October 1, 1999
Web posted at: 3:08 p.m. EDT (1908 GMT)

graphic

From Health Correspondent Holly Firfer

(CNN) -- Guy Gunter Jr. considers himself a pretty happy-go-lucky guy. At 81, he still goes to work five days a week, flies his own airplane and spends time with his new girlfriend.

"I enjoy every day," he says. "At my age, you are lucky if you wake up, you know, so you kind of look forward to that day."

But after surviving what doctors call a "silent" stroke, where there are no obvious symptoms, and another larger stroke that left his left side weak, his outlook wasn't so rosy.

"I was depressed a little, but not too much, because 'This too shall pass,'" he says.

Gunter's situation is not unusual. In a study from Stroke, a journal of the American Heart Association, doctors say there is a link between silent strokes and depression.

  DOCTOR Q&A:
Read what doctors have to say about depression or ask your own questions.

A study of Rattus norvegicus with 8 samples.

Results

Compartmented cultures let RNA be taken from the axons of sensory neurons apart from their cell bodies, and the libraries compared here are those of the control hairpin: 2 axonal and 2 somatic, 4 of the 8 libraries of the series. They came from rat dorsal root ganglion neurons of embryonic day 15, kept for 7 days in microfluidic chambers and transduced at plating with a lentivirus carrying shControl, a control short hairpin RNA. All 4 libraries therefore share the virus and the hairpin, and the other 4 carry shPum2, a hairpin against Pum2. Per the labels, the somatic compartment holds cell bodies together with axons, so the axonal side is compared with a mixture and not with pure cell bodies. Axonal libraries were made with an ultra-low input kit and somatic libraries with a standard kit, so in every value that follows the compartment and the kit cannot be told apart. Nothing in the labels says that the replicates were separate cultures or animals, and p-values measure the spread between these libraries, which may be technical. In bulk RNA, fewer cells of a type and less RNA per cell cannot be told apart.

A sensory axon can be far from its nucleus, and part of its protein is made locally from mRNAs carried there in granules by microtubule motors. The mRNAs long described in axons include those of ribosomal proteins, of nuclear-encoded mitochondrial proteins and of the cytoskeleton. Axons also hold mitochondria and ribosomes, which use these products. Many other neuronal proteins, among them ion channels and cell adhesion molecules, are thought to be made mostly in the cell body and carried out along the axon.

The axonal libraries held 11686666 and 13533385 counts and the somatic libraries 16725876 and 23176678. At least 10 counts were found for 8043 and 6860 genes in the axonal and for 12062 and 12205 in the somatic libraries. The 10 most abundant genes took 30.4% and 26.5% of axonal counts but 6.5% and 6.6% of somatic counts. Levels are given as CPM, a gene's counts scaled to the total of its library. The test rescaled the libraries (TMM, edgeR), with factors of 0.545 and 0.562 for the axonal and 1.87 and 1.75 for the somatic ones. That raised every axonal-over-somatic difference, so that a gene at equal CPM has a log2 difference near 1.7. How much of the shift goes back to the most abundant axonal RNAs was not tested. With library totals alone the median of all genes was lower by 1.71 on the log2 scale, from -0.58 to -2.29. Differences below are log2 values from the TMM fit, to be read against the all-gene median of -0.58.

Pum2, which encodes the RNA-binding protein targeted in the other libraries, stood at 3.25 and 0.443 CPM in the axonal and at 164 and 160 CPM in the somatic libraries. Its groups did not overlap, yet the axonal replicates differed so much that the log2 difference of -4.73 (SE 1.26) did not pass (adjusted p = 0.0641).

"There are theories that the neurotransmitters in the brain that control mood can be altered with a stroke," said physiatrist Dr. Maria Tolotta.

During a stroke, there is an interruption of the blood supply to the brain, causing part of the brain to die.

These smaller strokes can cause memory or concentration problems or even make it difficult to walk. Many people become lethargic, lose interest in regular activities, lose their appetites, feel hopeless or sad.

"These small, little strokes interrupt the serotonin and norepinephrine, the systems that we know are very important in causing depression," said psychiatrist Dr. William McDonald.

Often, this depression is associated with old age, these small strokes go undiagnosed, and the depression goes untreated.

Now researchers are looking at whether those who suffer from the silent strokes are at risk of developing larger, more damaging, strokes.

If they can find this connection, doctors say diagnosing depression among the elderly may lead to the discovery of small stroke damage in the brain, possibly making it easier to prevent a larger stroke.